Lately I’ve become consumed with cooking old school American meals with strong Southern roots. More than a general nostalgia for Southern foods, I’m feeling a confusing intrigue for barbecue sauces. There are so many distinct flavors that switch from one county line to the next, and I’m completely and utterly fascinated. This is my first foray into a sauce that isn’t colored crimson, and it’s fantastic. También en español.
The only connection I have to the South is that my grandfather pretended he was from there. Well, not really, but whenever I imagined his childhood I envisioned some dusty back road in the middle of Louisiana. He was actually born and raised in California in the San Joaquin Valley but you’d swear by the amount of fried chicken, biscuits, green beans and gravy (every thing made with Crisco of course!) that his family had never left Texas. In all fairness, he was just an old-fashioned guy, in both his food and his demeanor, which is a general attribute I have unconsciously linked to the South and it’s people.
It was him that taught me how to cook. We had wildly different tastes in food; he was old-school traditional and I wanted to experiment so that the recipe was MINE. But our processes are generally the same. Wake up in the morning with a food craving – it’s not odd to obsess over a pulled pork sandwich at 9am – and plan your day accordingly. I hate meal planning and shopping for the entire week. I struggle to write out my recipes – a challenge that I’m slowly overcoming with this blog – and use other people’s recipes as a suggestion rather than a blue print. And I become a passive-aggressive terror when I’m cooking with other people, the only difference being that he was definitely not passive.
Lately I’ve become consumed with cooking old school American meals. Maybe it’s nostalgia. Maybe I’m too excited by the grilling possibilities of my brand new parrilla. Or maybe I watched 7 episodes of True Detective in two evenings and am obsessed with it’s Southerness. As an aside, I was disappointed that McConaughey took home the Oscar over Chiwetel Ejiofor, but goddamn give that man every award for True Detective. All of them. And if you haven’t watched the show, binge!
More than a general nostalgia for Southern foods, I’m feeling a confusing fascination with barbecue sauces. It started with a simple photo of North Alabama White BBQ Sauce, a mayonnaise-based sauce that is so regional that if you head south of Birmingham apparently no one will know what you’re talking about. I have since googled ‘barbecue sauce recipe’ and saved an incalculable number of recipes, and this is my first foray into a sauce that isn’t colored crimson.
To make this chicken with Carolina style mustard barbecue you will need the following:
- 3/4 cup of mustard
- 3/4 cup cider vinegar
- 2 tablespoons brown sugar
- 1 1/2 tablespoons melted butter
- 2 teaspoons salt
- 2 tablespoons Worcestershire sauce
- 1 teaspoon ground pepper
- 2 teaspoons hot sauce (traditional recipes all recommend Louisiana hot sauce, impossible to find in BA so I instead used Cholula that I brought back home from my last trip to the US)
Note: I had plenty of leftover sauce for dipping later, and there is still some left in my fridge. The sauce is plenty for marinating double or triple the amount of chicken.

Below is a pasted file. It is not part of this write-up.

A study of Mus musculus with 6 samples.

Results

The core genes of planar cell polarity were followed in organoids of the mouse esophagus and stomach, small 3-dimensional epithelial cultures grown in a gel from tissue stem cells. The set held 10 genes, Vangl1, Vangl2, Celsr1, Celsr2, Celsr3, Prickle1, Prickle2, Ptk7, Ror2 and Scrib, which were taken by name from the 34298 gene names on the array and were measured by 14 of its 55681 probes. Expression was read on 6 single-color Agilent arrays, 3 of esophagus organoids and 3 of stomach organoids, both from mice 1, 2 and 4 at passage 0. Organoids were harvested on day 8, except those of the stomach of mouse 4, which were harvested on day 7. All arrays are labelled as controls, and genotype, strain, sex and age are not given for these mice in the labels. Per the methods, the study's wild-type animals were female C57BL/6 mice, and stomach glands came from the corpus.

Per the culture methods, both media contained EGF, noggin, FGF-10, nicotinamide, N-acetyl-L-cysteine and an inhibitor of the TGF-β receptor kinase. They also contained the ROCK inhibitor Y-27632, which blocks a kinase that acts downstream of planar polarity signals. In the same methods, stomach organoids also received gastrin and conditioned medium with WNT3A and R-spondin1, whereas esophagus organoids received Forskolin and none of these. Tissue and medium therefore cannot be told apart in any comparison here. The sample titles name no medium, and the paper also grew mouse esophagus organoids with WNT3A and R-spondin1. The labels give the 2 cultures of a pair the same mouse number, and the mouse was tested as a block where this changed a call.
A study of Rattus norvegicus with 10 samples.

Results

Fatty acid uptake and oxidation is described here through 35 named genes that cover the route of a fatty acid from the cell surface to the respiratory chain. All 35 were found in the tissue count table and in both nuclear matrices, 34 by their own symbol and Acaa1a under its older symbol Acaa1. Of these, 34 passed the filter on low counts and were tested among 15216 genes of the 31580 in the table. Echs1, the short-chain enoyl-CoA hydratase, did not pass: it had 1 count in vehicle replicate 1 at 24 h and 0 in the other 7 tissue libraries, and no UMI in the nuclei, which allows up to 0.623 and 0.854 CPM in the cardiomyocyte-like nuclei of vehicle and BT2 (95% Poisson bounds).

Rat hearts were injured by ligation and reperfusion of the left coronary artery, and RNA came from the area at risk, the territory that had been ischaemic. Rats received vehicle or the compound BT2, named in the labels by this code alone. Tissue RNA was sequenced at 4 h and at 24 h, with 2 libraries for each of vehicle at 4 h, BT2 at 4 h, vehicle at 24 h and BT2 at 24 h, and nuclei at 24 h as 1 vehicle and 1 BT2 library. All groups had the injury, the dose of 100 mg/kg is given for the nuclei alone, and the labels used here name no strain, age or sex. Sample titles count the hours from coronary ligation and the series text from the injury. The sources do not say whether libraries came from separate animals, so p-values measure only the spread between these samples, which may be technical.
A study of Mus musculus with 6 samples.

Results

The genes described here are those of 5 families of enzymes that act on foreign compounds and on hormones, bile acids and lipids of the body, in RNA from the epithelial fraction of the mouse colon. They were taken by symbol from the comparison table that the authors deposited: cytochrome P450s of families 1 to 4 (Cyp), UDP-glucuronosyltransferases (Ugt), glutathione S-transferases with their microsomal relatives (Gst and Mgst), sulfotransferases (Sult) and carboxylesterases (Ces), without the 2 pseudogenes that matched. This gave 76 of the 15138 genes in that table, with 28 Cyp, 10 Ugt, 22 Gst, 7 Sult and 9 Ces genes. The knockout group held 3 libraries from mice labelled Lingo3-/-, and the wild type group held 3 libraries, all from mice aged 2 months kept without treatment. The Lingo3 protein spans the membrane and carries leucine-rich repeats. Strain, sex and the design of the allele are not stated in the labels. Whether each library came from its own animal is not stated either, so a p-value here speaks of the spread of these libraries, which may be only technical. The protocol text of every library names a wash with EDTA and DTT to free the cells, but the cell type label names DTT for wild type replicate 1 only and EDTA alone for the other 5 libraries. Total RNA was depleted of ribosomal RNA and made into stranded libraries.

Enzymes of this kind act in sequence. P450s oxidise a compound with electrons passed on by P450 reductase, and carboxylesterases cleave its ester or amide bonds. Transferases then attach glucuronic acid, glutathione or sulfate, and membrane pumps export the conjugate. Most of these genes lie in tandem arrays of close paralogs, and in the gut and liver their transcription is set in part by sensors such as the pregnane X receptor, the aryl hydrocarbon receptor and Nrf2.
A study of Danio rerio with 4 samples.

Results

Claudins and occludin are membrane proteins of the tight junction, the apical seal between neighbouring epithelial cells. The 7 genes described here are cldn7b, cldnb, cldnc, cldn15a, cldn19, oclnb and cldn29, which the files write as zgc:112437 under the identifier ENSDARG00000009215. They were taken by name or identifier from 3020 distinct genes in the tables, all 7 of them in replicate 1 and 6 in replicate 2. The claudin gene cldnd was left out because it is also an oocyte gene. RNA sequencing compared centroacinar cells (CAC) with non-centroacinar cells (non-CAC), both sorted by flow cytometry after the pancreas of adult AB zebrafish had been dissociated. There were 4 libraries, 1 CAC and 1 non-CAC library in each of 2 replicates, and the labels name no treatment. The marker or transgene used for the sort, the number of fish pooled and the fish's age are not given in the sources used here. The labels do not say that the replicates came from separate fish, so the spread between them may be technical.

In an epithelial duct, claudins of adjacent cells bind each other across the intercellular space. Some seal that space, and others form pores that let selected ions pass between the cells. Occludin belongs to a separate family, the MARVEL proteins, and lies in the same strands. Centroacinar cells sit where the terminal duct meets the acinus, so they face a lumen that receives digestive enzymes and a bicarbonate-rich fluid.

You will also need to make a dry rub (this was for 2 thighs and 2 drumsticks):
- 1/4 cup brown sugar
- 1 teaspoon marjoram
- 1 tablespoon kosher salt
- 2 teaspoons white pepper
- 2 teaspoons crushed red pepper
Wash and dry the chicken. Mix together your dry rub and pat into the thighs and drumsticks. You could let this sit overnight but seeing that I’m not one for meal planning we’ll let each other slide with an hour of marinating, covered in the fridge. Let chicken come back to room temperature. While the chicken marinates prepare the sauce and let sit in the fridge so that the flavors can mix. This is when thinking ahead of time comes in handy, as the sauce will taste much better if you let it sit for a few hours.
Heat up your barbecue (for a recipe like this I prefer a stove top griddle) and be sure wipe it down with oil. Cook chicken starting skin side down over indirect heat, uncovered, for 10 minutes. Flip and cook an additional 10 minutes, or until both sides are browned with those pretty grill marks. While chicken browns over the grill heat up the oven to 400°F. Once chicken has turned a nice brown put onto a roasting tray, ladle on your mustard sauce, and bake in the oven for approximately 15 minutes. If you have a meat thermometer the thickest part of the thigh should be 175°F.
I ate this chicken with some traditional sides: simple mashed potatoes and some blanched green beans that I cooked an additional 5 minutes over the stove with garlic, butter and lemon zest.
The flavor of the chicken was spectacular. I loved the color of the mustard, which I worried would be an unappetizing brown but turned out a pretty honey color. I smothered it all over in the roasting process and although this is a sauce that is one part mustard, one part vinegar, the tang softened up and took on a much more complex flavor with a loud spice and slight sweetness. The grilling gave the chicken those beautiful grill marks but transferring it to the oven with the sauce made the end result a juicy delight. Paired with these old-school sides and I felt right at home.
I think this is going to have to be featured at a MASA dinner event very very soon. What do y’all think?